Imagine typing this sentence: Army scored 56 points, Air Force allowed only 229 total yards, Navy covered the spread by 20 points, and none of them won at home.
That’s an incredible sentence. Imagine saying that, thinking that, or reading that at any point in your LIFE. We’re not referring to the past three years or the past 10 years or the past 25 years. Imagine looking at those words at any stage of your sojourn here on Earth – when you were five, or 10, or 18, or 27, or 33, or 45, or 58, or 71 years old, any age at all – and thinking they could possibly be true. It’s all so completely absurd and ridiculous.
No way, no how, not ever, no chance, no sir.
But it’s real. It’s actually true. This stuff really did happen over the weekend, one of the most Murphy’s Law weekends one can remember for the service academies as a collective whole.
Army really did score 56 points at Michie Stadium and lose. Not only that, it lost by more than one score. Wake Forest put up 70 as Dave Clawson’s Demon Deacons remained unbeaten in the 2021 season, in pursuit of a top-tier bowl bid. Sam Hartman threw for 461 yards and five touchdowns with no interceptions. Army clearly had not seen a passing offense like this, and the Black Knights couldn’t keep up with the Demon Deacons’ speedy pass-catchers.
The fireworks show by Wake Forest overshadowed an amazing performance by Army’s offense. The passing game produced one of the best passing stat lines in the Jeff Monken era: 10-of-13 completions for 179 yards and three touchdowns with one interception. Army rushed for 416 yards. Three different Army rushers tallied at least 93 yards. That’s more than Monken and his staff could possibly ask for.
Again, though, with all of that phenomenal offensive production at home, the Black Knights lost by 14 points.
Hard to believe, but it’s true.
The “hard to believe” tour continues in Colorado Springs, where Air Force’s defense did everything it realistically could have been expected to do. The Falcons limited San Diego State to 229 yards, just 72 in the air. Air Force played airtight defense and did not allow a scuffling San Diego State offense to bust loose and find rhythm.
How did the Falcons lose, 20-14? This was a disaster on offense. Air Force missed a blocking assignment on a fourth and 1 near midfield, failing on downs and giving San Diego State a short field. Two turnovers gave San Diego State more short-field opportunities. The Aztecs cashed these various mistakes into a majority of the 20 points they scored.
Air Force also went just 4 of 16 on third-down conversions. The Falcons dropped a long pass which would have scored a touchdown. Late in the game, down by only six, San Diego State lost focus in its downfield pass coverage. A post pattern broke wide open for at least a 50-yard gain if not a 70-yard gain or an outright score, but the ball was overthrown vertically instead of leading the receiver diagonally across the field.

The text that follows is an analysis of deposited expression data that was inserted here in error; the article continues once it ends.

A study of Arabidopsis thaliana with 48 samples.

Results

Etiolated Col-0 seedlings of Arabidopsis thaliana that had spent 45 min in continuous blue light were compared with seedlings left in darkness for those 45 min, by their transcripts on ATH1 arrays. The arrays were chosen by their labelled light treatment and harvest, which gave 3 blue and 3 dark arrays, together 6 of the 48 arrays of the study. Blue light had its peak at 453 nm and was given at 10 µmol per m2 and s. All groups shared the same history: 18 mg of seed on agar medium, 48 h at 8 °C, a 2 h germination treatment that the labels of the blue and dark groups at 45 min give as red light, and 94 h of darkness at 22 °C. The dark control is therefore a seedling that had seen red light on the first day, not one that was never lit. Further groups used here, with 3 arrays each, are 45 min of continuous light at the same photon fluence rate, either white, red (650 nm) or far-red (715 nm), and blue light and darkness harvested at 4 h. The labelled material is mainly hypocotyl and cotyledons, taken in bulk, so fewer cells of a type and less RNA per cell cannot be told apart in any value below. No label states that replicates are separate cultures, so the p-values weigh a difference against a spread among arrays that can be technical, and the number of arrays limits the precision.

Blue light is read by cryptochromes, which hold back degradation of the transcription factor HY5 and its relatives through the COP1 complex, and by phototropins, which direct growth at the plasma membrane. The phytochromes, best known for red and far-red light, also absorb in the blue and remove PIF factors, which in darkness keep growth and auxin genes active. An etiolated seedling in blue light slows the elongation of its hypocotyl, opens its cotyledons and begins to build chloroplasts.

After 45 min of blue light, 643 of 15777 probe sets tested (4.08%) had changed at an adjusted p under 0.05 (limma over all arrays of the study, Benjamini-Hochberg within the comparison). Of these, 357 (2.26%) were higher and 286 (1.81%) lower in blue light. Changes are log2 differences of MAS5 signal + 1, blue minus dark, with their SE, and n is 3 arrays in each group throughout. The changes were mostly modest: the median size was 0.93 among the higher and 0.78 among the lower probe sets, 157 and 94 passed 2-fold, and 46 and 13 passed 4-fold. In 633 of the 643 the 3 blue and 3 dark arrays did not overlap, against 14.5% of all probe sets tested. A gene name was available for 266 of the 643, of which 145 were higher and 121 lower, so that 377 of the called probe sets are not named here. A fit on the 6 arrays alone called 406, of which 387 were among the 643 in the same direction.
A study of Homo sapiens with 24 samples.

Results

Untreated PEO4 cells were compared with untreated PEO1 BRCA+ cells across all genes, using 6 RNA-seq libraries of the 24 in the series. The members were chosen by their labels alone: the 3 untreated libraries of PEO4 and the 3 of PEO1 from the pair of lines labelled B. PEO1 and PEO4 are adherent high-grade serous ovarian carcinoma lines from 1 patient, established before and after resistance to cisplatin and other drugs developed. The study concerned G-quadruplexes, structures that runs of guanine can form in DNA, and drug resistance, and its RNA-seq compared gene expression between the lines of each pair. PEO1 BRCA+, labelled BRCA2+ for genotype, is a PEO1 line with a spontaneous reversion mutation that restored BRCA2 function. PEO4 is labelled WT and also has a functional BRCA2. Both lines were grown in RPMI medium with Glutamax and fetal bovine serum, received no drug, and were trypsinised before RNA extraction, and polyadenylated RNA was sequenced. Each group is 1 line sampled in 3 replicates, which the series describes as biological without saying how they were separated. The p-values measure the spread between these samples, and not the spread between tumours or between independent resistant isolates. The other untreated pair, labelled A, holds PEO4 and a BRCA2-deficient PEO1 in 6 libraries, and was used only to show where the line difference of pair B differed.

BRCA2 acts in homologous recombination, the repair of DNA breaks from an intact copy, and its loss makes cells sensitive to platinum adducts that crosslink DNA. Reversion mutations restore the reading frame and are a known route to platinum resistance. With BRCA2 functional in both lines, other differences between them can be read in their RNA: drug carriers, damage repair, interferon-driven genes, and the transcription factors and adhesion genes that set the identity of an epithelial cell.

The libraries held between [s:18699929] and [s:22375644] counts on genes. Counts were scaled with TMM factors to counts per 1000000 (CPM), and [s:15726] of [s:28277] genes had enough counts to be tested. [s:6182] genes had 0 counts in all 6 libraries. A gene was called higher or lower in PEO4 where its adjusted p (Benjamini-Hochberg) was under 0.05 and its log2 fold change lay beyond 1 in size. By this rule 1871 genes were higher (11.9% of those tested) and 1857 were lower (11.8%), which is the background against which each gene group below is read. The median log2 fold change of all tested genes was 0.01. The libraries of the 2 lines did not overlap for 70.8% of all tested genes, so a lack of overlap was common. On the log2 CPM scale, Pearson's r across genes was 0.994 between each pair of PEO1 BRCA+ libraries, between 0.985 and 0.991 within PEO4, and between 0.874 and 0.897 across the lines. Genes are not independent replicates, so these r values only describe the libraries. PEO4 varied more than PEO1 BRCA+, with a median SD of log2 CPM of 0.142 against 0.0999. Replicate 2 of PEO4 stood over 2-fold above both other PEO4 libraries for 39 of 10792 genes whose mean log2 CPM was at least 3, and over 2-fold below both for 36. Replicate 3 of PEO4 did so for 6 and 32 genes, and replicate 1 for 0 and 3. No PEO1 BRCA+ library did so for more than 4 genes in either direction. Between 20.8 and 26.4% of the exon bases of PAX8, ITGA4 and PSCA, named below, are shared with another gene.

It’s not so much that Air Force made mistakes; sports are imperfect, given that human beings are imperfect. However, Air Force’s mistakes came at the worst possible times, in the game’s most critical hinge-point moments. Every particularly important play featured an Air Force mistake. San Diego State didn’t move the ball consistently and didn’t get much out of its passing game, but the no-mistake approach by the Aztecs, who did not commit a turnover and did not concede short fields to Air Force, was enough for them to stay unbeaten and maintain a lead in the Mountain West.
The only good news for Air Force is that Colorado State lost. The Falcons still have a good shot at the Mountain Division title. The bad news is that the West Division certainly seems to have the best teams in the conference. Air Force will have to eliminate big mistakes in order to change that equation in the coming weeks.
Finally, Navy was a 27-point underdog. It lost by only seven to No. 2 Cincinnati. Navy played as well and as hard as it could. Cincinnati is a really good team for a reason. The Bearcats are always well-coached on defense. They can struggle on offense, as they did on Saturday. Navy’s defense played with terrific energy and urgency to make this a four-quarter game and a much tougher fight than most people anticipated.
If Navy plays like this in its next game on Friday against Tulsa, it should win.
Army and Air Force are off this coming week before meeting on Nov. 6 in Arlington, Texas, in the next installment of the Commander-In-Chief’s Trophy series.